Help Privacy Policy Disclaimer
  Advanced SearchBrowse




Journal Article

Why we need to investigate casual speech to truly understand language production, processing and the mental lexicon


Ernestus,  Mirjam
Center for Language Studies, External Organization;
Research Associates, MPI for Psycholinguistics, Max Planck Society;

External Resource
No external resources are shared
Fulltext (restricted access)
There are currently no full texts shared for your IP range.
Fulltext (public)
Supplementary Material (public)
There is no public supplementary material available

Tucker, B., & Ernestus, M. (2016). Why we need to investigate casual speech to truly understand language production, processing and the mental lexicon. The Mental Lexicon, 11(3), 375-400. doi:10.1075/ml.11.3.03tuc.

Cite as: https://hdl.handle.net/11858/00-001M-0000-002B-B059-3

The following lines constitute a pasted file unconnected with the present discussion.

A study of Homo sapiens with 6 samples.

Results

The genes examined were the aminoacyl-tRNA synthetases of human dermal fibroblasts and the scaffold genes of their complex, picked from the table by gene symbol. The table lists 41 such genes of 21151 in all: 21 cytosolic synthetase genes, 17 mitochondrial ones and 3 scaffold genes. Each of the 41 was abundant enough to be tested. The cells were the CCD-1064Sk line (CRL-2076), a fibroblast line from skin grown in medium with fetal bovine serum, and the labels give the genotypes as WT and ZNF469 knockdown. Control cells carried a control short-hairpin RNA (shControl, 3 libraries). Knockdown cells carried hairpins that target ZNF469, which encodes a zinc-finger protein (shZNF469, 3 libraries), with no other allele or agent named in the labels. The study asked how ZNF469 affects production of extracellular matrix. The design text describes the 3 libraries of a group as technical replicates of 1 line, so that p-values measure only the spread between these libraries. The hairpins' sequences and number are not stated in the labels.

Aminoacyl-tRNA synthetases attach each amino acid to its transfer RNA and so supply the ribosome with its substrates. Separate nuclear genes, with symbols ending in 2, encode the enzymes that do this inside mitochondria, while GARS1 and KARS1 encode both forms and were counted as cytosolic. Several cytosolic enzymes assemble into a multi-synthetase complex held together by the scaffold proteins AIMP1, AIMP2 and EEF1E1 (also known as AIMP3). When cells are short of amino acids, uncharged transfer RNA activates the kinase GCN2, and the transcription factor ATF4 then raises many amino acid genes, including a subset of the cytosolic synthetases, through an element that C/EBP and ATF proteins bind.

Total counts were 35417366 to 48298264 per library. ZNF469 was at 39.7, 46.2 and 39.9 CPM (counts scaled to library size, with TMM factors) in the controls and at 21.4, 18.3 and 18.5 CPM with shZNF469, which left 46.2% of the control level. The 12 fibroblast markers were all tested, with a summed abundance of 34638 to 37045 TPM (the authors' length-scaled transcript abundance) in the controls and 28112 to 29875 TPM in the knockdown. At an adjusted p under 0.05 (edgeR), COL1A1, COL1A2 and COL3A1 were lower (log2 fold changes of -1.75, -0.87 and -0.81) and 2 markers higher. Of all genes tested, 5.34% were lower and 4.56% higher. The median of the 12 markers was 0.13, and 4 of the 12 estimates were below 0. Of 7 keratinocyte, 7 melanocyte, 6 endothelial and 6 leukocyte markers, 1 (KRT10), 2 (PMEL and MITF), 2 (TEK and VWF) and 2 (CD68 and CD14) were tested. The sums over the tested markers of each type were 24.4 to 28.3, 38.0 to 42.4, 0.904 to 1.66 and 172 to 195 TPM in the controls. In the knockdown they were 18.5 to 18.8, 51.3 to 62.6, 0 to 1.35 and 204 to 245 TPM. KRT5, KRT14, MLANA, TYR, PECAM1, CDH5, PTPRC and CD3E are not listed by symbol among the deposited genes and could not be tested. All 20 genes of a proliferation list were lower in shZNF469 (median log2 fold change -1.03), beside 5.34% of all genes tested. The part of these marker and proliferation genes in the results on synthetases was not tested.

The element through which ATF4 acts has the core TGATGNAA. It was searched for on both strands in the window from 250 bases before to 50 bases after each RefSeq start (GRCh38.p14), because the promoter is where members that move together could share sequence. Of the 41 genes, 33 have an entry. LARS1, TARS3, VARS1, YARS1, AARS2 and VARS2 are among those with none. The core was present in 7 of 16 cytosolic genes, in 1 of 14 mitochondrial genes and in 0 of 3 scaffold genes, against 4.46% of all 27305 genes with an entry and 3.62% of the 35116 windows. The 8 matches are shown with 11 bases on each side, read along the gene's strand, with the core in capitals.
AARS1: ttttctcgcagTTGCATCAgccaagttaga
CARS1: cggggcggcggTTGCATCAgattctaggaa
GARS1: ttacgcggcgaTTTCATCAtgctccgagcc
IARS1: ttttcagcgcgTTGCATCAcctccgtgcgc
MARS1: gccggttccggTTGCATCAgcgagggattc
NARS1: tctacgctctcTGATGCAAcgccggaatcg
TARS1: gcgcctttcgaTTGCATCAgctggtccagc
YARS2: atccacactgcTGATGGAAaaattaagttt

The majority of studies addressing psycholinguistic questions focus on speech produced and processed in a careful, laboratory speech style. This ‘careful’ speech is very different from the speech that listeners encounter in casual conversations. This article argues that research on casual speech is necessary to show the validity of conclusions based on careful speech. Moreover, research on casual speech produces new insights and questions on the processes underlying communication and on the mental lexicon that cannot be revealed by research using careful speech. This article first places research on casual speech in its historic perspective. It then provides many examples of how casual speech differs from careful speech and shows that these differences may have important implications for psycholinguistic theories. Subsequently, the article discusses the challenges that research on casual speech faces, which stem from the high variability of this speech style, its necessary casual context, and that casual speech is connected speech. We also present opportunities for research on casual speech, mostly in the form of new experimental methods that facilitate research on connected speech. However, real progress can only be made if these new methods are combined with advanced (still to be developed) statistical techniques.